Where do stars form? Many times, stars form in energetic regions where gas and dark dust are pushed around in chaotic mayhem. Pictured, bright massive stars near the center of W5, the Soul Nebula, are exploding and emitting ionizing light and energetic winds. The outward-moving light and gas push away and evaporate much surrounding gas and dust, but leave pillars of gas behind dense protective knots. Inside these knots, though, stars also form. The featured image highlights the inner sanctum of W5, an arena spanning about 1,000 light years that is rich in star forming pillars. The Soul Nebula, also cataloged as IC 1848, lies about 6,500 light years away toward the constellation of the Queen of Aethopia (Cassiopeia). Likely, in few hundred million years, only a cluster of the resulting stars will remain. Then, these stars will drift apart.
Why is there a bridge between these two spiral galaxies? Made of gas and stars, the bridge provides strong evidence that these two immense star systems have passed close to each other and experienced violent tides induced by mutual gravity. Known together as Arp 240 but individually as NGC 5257 and NGC 5258, computer modelling and the ages of star clusters indicate that the two galaxies completed a first passage near each other only about 250 million years ago. Gravitational tides not only pulled away matter, they compress gas and so caused star formation in both galaxies and the unusual bridge. Galactic mergers are thought to be common, with Arp 240 representing a snapshot of a brief stage in this inevitable process. The Arp 240 pair are about 300 million light-years distant and can be seen with a small telescope toward the constellation of Virgo. Repeated close passages should ultimately result in a merger and with the emergence of a single combined galaxy.
Could you survive a jump off the tallest cliff in the Solar System? Quite possibly. Verona Rupes on Uranus‘ moon Miranda is estimated to be 20 kilometers deep — ten times the depth of the Earth’s Grand Canyon. Given Miranda‘s low gravity, it would take about 12 minutes for a thrill-seeking adventurer to fall from the top, reaching the bottom at the speed of a racecar — about 200 kilometers per hour. Even so, the fall might be survivable given proper airbag protection. The featured image of Verona Rupes was captured by the passing Voyager 2 robotic spacecraft in 1986. How the giant cliff was created remains unknown, but is possibly related to a large impact or tectonic surface motion.
Get out your red/blue glasses and check out this stereo scene from Taurus-Littrow valley on the Moon! The color anaglyph features a detailed 3D view of Apollo 17’s Lunar Rover in the foreground — behind it lies the Lunar Module and distant lunar hills. Because the world was going to be able to watch the Lunar Module’s ascent stage liftoff via the rover’s TV camera, this parking place was also known as the VIP Site. In December of 1972, Apollo 17 astronauts Eugene Cernan and Harrison Schmitt spent about 75 hours on the Moon, while colleague Ronald Evans orbited overhead. The crew returned with 110 kilograms of rock and soil samples, more than from any of the other lunar landing sites. Cernan and Schmitt are still the last to walk (or drive) on the Moon.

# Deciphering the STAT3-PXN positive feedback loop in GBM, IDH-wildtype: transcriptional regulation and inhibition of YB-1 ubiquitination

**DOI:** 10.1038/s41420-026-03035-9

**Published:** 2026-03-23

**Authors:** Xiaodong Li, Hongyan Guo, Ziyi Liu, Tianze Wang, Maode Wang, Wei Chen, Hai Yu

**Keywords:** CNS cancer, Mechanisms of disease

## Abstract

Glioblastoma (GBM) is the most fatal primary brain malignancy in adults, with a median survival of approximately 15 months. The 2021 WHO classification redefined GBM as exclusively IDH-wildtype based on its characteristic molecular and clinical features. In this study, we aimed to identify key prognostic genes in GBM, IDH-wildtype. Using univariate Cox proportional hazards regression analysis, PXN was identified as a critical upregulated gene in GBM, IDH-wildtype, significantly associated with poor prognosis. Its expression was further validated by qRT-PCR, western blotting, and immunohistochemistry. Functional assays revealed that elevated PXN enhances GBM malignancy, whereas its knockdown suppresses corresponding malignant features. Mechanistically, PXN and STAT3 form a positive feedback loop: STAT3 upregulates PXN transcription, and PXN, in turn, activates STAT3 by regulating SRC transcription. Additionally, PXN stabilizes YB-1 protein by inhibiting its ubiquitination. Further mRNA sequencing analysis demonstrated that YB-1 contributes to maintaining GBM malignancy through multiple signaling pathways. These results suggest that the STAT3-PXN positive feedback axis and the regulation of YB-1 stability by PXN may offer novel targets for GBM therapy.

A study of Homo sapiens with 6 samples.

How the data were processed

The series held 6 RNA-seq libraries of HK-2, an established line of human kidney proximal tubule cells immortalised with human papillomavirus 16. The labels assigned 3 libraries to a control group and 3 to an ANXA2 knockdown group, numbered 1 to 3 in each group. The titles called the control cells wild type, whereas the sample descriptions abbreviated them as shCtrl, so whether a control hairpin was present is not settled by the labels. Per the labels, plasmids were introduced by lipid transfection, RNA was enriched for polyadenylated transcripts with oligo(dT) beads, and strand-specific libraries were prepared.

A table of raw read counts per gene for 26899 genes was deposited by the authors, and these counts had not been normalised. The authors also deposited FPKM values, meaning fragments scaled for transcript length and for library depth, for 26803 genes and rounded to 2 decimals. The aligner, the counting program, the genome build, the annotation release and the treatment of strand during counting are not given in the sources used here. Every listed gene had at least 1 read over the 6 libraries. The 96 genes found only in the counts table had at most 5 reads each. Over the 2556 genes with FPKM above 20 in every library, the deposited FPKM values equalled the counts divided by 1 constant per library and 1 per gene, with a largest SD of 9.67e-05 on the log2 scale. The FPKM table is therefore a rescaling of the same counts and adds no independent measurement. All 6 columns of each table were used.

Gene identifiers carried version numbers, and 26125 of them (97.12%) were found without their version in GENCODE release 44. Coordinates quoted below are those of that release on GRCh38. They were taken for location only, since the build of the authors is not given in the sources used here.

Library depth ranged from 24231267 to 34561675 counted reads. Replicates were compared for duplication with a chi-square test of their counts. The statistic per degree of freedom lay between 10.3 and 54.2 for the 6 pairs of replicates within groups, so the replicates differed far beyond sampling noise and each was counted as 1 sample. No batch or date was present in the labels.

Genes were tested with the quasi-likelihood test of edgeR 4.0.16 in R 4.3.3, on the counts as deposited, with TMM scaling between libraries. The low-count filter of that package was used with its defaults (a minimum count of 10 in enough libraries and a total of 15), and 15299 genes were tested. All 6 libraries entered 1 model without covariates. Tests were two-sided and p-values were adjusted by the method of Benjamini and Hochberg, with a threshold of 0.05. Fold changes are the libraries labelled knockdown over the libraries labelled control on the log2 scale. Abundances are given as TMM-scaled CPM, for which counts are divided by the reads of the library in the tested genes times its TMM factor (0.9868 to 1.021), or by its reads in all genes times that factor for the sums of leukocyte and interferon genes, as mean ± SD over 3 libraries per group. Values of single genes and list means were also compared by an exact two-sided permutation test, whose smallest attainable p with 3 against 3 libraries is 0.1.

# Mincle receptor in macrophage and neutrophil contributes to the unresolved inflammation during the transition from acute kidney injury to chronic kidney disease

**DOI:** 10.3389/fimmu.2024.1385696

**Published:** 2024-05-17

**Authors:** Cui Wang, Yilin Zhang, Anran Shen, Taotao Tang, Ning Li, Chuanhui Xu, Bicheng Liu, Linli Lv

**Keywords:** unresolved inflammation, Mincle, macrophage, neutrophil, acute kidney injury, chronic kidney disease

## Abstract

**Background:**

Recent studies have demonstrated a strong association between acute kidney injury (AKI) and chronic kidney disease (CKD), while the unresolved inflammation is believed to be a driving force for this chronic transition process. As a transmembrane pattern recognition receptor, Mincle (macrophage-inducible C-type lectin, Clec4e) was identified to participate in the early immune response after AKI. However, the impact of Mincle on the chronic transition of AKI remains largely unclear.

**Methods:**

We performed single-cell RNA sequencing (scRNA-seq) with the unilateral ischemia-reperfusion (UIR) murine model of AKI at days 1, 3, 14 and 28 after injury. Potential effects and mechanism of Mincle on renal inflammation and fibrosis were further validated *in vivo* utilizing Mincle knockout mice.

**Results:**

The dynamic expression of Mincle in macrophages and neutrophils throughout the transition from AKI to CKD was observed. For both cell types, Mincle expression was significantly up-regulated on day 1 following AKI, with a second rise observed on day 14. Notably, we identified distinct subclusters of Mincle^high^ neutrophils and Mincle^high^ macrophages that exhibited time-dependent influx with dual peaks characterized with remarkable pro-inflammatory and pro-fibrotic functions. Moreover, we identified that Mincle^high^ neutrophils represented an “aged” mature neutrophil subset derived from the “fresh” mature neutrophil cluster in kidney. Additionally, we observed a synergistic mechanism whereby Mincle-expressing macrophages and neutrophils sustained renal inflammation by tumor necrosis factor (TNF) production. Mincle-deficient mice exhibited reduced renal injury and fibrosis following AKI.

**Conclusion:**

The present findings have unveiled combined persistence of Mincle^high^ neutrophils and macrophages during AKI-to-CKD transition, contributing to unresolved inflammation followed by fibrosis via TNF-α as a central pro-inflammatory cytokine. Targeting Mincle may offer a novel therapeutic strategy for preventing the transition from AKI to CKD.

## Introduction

Scroll right and you can cruise along the icy rings of Saturn. This high resolution scan is a mosaic of images presented in natural color. The images were recorded in May 2007 over about 2.5 hours as the Cassini spacecraft passed above the unlit side of the rings. To help track your progress, major rings and gaps are labeled along with the distance from the center of the gas giant in kilometers. The alphabetical designation of Saturn’s rings is historically based on their order of discovery; rings A and B are the bright rings separated by the Cassini division. In order of increasing distance from Saturn, the seven main rings run D,C,B,A,F,G,E. (Faint, outer rings G and E are not imaged here.) Four days from now, on November 29, Cassini will make a close flyby of Saturn’s moon Titan and use the large moon’s gravity to nudge the spacecraft into a series of 20 daring, elliptical, ring-grazing orbits. Diving through the ring plane just 11,000 kilometers outside the F ring (far right) Cassini’s first ring-graze will be on December 4.
Is there an ocean below Sputnik Planum on Pluto? The unusually smooth 1000-km wide golden expanse, visible in the featured image from New Horizons, appears segmented into convection cells. But how was this region created? One hypothesis now holds the answer to be a great impact that stirred up an underground ocean of salt water roughly 100-kilometers thick. The featured image of Sputnik Planum, part of the larger heart-shaped Tombaugh Regio, was taken last July and shows true details in exaggerated colors. Although the robotic New Horizons spacecraft is off on a new adventure, continued computer-modeling of this surprising surface feature on Pluto is likely to lead to more refined speculations about what lies beneath.
How much mass do flocculent spirals hide? The featured true color image of flocculent spiral galaxy NGC 4414 was taken with the Hubble Space Telescope to help answer this question. The featured image was augmented with data from the Sloan Digital Sky Survey (SDSS). Flocculent spirals — galaxies without well-defined spiral arms — are a quite common form of galaxy, and NGC 4414 is one of the closest. Stars and gas near the visible edge of spiral galaxies orbit the center so fast that the gravity from a large amount of unseen dark matter must be present to hold them together. Understanding the matter and dark matter distribution of NGC 4414 helps humanity calibrate the rest of the galaxy and, by deduction, flocculent spirals in general. Further, calibrating the distance to NGC 4414 helps humanity calibrate the cosmological distance scale of the entire visible universe.